A typical Marwari wedding is an elaborate celebration of pre-wedding, wedding, and post-wedding customs and rituals. Here are the major rituals of a Marwari wedding:
Roka is the ceremony where the parents from both the sides finalize the wedding plans. It usually takes place a few months prior to the wedding. On this particular day, the parents from both sides put a tilak on the bride and groom. An exchange of presents also takes place between both the families to mark the happy occasion.
The celebrations kick off with the Sagai, the engagement ceremony, where the couple exchanges rings. Next is the Pithi Dastoor, a turmeric paste application ritual, followed by the Mehndi ceremony, where intricate henna designs are adorn on the bride’s hands and feet. The vibrant sangeet brings joy through music and dance, where both families come together to celebrate the upcoming union.
Naandi Ganesh Pooja:
Naandi Ganesh puja is performed to seek blessings from Lord Ganesha and other Hindu deities for a smooth and hassle-free ceremony. The prevalent belief is that Lord Ganesha attends the wedding in the form of a small boy. That’s why a little boy accompanies the bride and groom in their pre-wedding rituals. He is believed to personify Lord Ganesha or Vinayak.
The Haldi Ceremony:
An essential pre-wedding ritual, the Haldi ceremony involves applying turmeric paste on the bride and the groom. The yellow hue symbolizes purity, luck, and blessings for their journey together.
The maternal family of the bride/groom’s mother is extended a warm welcome by her family as they come to attend the wedding. The maternal uncle or maternal uncle presents gifts to his sister’s family. He also agrees to extend financial support for the marriage.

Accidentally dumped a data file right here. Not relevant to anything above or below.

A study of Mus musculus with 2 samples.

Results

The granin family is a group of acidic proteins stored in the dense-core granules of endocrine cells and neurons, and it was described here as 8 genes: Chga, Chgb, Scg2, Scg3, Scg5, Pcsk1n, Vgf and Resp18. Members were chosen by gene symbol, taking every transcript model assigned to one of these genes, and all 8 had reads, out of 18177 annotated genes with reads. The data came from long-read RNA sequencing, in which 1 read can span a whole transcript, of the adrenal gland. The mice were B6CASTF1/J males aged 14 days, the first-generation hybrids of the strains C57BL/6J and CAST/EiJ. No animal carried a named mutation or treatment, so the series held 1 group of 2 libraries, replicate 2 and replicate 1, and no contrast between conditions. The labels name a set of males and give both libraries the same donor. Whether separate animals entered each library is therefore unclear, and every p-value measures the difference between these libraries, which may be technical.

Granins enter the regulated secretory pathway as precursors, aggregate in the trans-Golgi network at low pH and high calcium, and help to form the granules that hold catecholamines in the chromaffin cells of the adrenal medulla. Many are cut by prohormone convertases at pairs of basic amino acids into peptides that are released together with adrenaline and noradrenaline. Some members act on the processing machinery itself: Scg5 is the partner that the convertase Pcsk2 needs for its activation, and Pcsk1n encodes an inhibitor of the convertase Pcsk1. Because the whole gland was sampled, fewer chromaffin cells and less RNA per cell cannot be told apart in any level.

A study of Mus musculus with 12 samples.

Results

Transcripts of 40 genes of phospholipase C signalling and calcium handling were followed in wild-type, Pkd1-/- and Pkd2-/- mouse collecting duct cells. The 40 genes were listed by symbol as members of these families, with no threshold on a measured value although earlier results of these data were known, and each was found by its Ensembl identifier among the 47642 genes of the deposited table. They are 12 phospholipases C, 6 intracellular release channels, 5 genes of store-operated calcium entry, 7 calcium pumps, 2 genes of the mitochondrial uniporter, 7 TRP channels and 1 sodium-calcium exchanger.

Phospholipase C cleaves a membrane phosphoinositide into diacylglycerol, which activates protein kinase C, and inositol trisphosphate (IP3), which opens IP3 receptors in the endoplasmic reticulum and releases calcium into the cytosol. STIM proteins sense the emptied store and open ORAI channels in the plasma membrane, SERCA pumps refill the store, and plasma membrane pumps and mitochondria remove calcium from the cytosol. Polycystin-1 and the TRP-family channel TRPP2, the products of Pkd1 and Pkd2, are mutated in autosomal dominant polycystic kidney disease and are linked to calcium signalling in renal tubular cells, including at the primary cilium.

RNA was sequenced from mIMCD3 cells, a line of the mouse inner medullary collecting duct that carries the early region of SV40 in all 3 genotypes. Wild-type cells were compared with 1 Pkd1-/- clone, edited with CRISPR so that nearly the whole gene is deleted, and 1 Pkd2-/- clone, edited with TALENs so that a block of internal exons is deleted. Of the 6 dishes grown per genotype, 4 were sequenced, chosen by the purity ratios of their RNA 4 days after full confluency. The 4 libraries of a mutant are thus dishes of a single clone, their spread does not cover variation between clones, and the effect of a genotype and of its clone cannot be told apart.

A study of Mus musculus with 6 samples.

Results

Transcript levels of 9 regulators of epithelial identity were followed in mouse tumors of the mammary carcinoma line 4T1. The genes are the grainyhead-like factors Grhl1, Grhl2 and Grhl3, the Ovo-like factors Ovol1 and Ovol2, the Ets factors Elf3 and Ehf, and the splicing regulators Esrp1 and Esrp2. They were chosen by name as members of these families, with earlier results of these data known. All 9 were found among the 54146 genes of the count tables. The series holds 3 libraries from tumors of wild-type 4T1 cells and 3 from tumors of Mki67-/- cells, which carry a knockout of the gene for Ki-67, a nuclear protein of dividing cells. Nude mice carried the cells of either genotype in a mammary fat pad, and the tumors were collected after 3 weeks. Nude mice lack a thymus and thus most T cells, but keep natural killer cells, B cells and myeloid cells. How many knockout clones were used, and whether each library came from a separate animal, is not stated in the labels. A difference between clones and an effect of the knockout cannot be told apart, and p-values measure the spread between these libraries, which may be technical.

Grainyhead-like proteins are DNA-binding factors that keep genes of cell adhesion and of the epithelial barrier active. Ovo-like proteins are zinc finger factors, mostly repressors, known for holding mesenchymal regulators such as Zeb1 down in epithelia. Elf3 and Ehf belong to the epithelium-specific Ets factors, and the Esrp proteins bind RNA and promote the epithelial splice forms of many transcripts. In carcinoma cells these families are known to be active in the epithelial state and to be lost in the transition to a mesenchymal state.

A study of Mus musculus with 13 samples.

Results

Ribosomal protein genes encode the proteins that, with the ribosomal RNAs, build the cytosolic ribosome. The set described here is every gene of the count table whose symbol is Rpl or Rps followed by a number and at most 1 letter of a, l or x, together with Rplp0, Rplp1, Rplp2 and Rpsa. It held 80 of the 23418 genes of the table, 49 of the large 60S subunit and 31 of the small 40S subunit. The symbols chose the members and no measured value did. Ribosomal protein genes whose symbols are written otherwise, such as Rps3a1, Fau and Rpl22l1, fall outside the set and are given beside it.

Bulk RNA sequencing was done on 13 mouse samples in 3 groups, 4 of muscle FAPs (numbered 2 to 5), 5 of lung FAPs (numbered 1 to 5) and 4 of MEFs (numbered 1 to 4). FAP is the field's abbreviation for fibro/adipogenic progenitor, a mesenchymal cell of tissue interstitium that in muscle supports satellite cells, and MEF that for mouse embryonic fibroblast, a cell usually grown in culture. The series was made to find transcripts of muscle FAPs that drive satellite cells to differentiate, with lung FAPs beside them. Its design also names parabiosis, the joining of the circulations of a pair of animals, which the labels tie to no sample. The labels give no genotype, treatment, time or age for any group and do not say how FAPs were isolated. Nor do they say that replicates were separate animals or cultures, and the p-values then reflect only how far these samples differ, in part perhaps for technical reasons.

Telbaan is a ritualistic bath given to the bride and groom on the marriage day morning. A paste of turmeric, mustard oil and fresh curd is applied on their face, hands and feet. This is followed by feeding ghunghra or sweet pancakes to the bride and the groom.
The Bhaat Ceremony:
During this ritual, the maternal uncle of the bride visits her home with gifts, sweets, and clothes. The bride is then escorted to the groom’s home, marking the beginning of the wedding celebrations at his residence.
Just before the groom sets off with his procession, his sister ties his sehra and puts a kajal tika behind his ear to ward off the evil eye. She also wraps a golden thread around the mare that he is to mount and ride to his marriage. The groom’s mother feeds him a spoonful of a mixture of lentils, sugar, rice and ghee, which is considered auspicious.
The Baraat and Welcome:
The bridegroom arrives at the wedding venue in a grand procession known as the Baraat. The bride’s family warmly welcomes him, and the women perform an aarti, showering blessings and warding off evil spirits.
The Wedding Ceremony:
The marriage takes place under a beautifully decorated canopy called the Mandap. The bride and groom exchange garlands (Jaimala) indicating acceptance and love. The Pheras, the sacred seven rounds around the sacred fire, symbolize their union and commitment. The groom then applies sindoor (vermilion) on the bride’s forehead, and she wears the mangalsutra, marking her marital status.
After the marriage, the bride enters her new home and performs the Griha Pravesh ritual, signifying her formal entry into her husband’s household.
A Marwari wedding is a treasure trove of age-old customs and rituals passed down through generations. The rituals not only bind the couple but also strengthen the bond between the families. With their vibrant colors and sacred meanings, Marwari wedding rituals continue to be a testament to the rich cultural heritage of Rajasthan, India.